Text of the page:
The People:

Alan and Denyse Hodgson (aka Grumpy Grandma) have been associated with the olive industry since 1998. Firstly, by planting a mixed variety olive grove, with minimal information on the pit-falls of growing olives in a sub-tropical area, such as North Coast of NSW (NC), and secondly by processing and marketing olives on the NC.

In 1999 and 2000 they became founding members of Summerland Olives Incorporated (SOI) and later Summerland Olive Processing (SOPA). With the aid of grants they visited groves throughout Western Australia, South Australia and Victoria to study the Australian Olive Industry. They also participated in a feasibility study in relation to the viability of growing olives on North Coast of NSW (NC). All very rosy at that time!

They soon learnt there wasn’t any local processing facility for olives on the NC. Following a series of meetings SOI was formed to educate farmers and SOPA was established to process local olives. Alan became the processor for the company, taking the bitter olive from the tree to a product suitable for the table, using traditional methods learned in his travels. A big leap for an engine rebuilder!

In 2006 Alan won the National Table Olive Competition and was awarded a trip to Sicily for a study tour of olive growing and processing. Was that an eye opener – thank goodness for an interpreter with a Sicilian background.

So many things we didn’t ask about! So Alan applied for a Churchill Scholarship and in 2007 was successful in gaining funding support to travel to Italy and Sicily to study processing green olives and waste management. On both these trips Denyse carried his bags!

Alan continued to win awards for his processing of olives and had some 70 odd accumulated by 2013.

In 2014 Alan and Denyse launched their own brand ‘Grumpy Grandma’s olives and oils”. In this year and in 2015 Alan took out Gold and Champion Olive products at the Sydney Royal Fine Food Competition. We may be little but we are not lousy!

Alan and Denyse continue to pick, process their own grove and accept olives form other groves to make up their olive business. There are many small groves on the NC and SE Queensland. Grumpy Grandma’s olives can be found at several Farmers Markets on the NC, in several leading tourist restaurants and deli’s, and selected gourmet shops on the Gold Coast.

The olives were meant to be a ‘hobby’ that would be an interest in retirement. Both having long work histories in other industries, Alan with motors and Denyse with Nursing. Needless to say retirement is now ‘on-hold’!

The Process

Following our study tours in Australia and Sicily/Italy we are committed to traditional chemical free processing. The processing is as simple as water, salt, fermentation and time. We are chemical free, no dyes to create artificial colour and no preservatives are used.

This means we take time to allow the traditional de-bittering and fermentation to occur. We are forever grateful to the families in Sicily and Italy for sharing their time honoured traditions with us. We have also been mentored by Greek families in South Australia, as formal standards for safe food for olives are few and far between. Again we are respectful of their cultural traditions and expertise in this industry.

The Extra Virgin Olive Oil is simply the whole olive crushed and fruit sediment separated from the water and oil. We have this process contracted to experts in the industry with the facilities to maximise oil production. The oil is simply fruit juice full of anti-oxidants.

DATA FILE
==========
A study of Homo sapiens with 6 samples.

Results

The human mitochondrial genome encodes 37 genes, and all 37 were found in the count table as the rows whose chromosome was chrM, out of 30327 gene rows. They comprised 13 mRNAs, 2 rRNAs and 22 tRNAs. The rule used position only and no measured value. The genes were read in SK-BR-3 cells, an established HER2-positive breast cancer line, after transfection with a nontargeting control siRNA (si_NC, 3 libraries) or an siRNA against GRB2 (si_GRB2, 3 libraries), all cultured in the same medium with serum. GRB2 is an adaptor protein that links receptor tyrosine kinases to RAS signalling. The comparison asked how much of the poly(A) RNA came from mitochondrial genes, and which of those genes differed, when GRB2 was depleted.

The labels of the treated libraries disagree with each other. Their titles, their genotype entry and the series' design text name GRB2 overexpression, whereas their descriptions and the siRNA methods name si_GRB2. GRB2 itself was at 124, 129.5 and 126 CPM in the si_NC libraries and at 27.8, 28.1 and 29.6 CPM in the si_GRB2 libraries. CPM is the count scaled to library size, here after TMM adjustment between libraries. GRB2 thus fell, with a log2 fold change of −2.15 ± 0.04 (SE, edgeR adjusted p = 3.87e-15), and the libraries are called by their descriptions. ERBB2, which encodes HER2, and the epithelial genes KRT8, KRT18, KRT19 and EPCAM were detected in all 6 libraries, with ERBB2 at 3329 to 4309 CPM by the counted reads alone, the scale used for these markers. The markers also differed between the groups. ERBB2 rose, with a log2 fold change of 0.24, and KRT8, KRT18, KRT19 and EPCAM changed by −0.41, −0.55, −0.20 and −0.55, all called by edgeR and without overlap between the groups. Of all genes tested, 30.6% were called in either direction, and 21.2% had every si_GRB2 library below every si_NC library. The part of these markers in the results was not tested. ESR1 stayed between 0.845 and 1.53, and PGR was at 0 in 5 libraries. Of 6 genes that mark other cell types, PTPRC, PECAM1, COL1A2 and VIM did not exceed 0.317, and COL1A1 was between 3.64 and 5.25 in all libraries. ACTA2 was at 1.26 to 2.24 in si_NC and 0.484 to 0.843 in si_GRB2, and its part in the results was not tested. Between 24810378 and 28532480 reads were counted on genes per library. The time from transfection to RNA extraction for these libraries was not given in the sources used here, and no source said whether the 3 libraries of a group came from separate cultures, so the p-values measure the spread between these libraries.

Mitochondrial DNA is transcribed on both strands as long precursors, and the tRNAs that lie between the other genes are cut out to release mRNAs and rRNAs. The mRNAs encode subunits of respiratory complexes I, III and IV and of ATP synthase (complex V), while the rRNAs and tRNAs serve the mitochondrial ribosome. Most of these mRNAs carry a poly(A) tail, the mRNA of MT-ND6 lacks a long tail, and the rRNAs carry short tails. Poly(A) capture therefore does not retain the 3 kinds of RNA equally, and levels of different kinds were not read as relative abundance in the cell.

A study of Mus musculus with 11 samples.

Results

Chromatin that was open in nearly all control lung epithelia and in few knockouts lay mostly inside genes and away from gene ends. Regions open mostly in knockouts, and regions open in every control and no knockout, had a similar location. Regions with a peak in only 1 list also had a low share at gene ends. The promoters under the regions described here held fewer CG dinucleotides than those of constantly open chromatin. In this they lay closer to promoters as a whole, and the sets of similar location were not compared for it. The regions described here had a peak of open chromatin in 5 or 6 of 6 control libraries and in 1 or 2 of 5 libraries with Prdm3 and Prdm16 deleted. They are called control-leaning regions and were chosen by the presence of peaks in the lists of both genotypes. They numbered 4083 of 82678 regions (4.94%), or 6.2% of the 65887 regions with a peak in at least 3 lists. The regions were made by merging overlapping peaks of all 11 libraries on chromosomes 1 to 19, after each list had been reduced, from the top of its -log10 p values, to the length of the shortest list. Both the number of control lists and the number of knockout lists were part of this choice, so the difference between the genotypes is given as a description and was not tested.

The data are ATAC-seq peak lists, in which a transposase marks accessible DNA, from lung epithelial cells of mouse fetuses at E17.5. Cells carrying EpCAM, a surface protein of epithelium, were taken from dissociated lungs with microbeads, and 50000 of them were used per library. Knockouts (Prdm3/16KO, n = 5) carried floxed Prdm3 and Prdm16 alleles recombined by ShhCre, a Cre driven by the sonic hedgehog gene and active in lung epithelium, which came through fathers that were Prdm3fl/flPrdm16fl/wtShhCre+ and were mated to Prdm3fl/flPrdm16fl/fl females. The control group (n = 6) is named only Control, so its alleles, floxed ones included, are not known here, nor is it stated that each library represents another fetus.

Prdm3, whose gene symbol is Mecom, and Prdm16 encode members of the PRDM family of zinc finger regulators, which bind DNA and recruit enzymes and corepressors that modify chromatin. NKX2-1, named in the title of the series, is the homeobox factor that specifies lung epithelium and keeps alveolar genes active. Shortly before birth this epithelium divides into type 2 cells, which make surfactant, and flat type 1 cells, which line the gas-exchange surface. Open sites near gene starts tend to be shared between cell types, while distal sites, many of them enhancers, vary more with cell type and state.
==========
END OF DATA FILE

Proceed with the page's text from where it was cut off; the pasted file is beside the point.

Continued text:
Farming Olives

Farming olives on the North Coast has been trial and error. Firstly olive trees sold to us as dual purpose, that is – oil and table olives – weren’t! So we have concentrated on table olives as this area receives most of its rain in the lead up to harvest time. This usually ensures the olives are plump and process well as Table or pickled olives. Hence Alan’s many successes with table olives

NC has many pests and diseases due to our high rain fall and levels of humidity, and we suffer from similar issues as do bananas, mangoes, custard apples and macadamia. We have learnt to manage groves to minimise these horticulture issues by pruning, monitoring harvest times and methods and selecting appropriate olive varieties. Mind you we are still learning as some varieties that have been in for several years are now just starting to bear. They must have heard the whispers about pulling them out!

We have learnt that olives won’t swim, so they need high and dry area to grown in, hence we also don’t need to irrigate. The NC is very low chill, so only varieties that don’t rely on a long dormancy for fruiting are best, and that pruning is vital to manage the humidity in the trees. One Italian pruner expressed this as the tree should be open enough to allow a crow to fly through. There are occasions when the trees need a shock and a reminder that fruiting is the name of the game and get a hard prune.

We also encourage Australian Bush or native stingless bees on the farm. The flowers are not significant to European bees and easily bypassed, however our local bush bees are a fantastic asset to pollination. We encourage farmers to leave dead trees or one with hollows for the bush bees to nest in, alternatively they can be brought into the grove in their distinct housing. To protect our bush bees we do not use pesticides or insecticides on our farm.

Whilst we are not certified organic Alan does apply the principles and practices of biodynamic, organic and permaculture in the production of our olives. We do not intend poisoning our grandchildren as they won’t eat ‘store bought’ olives.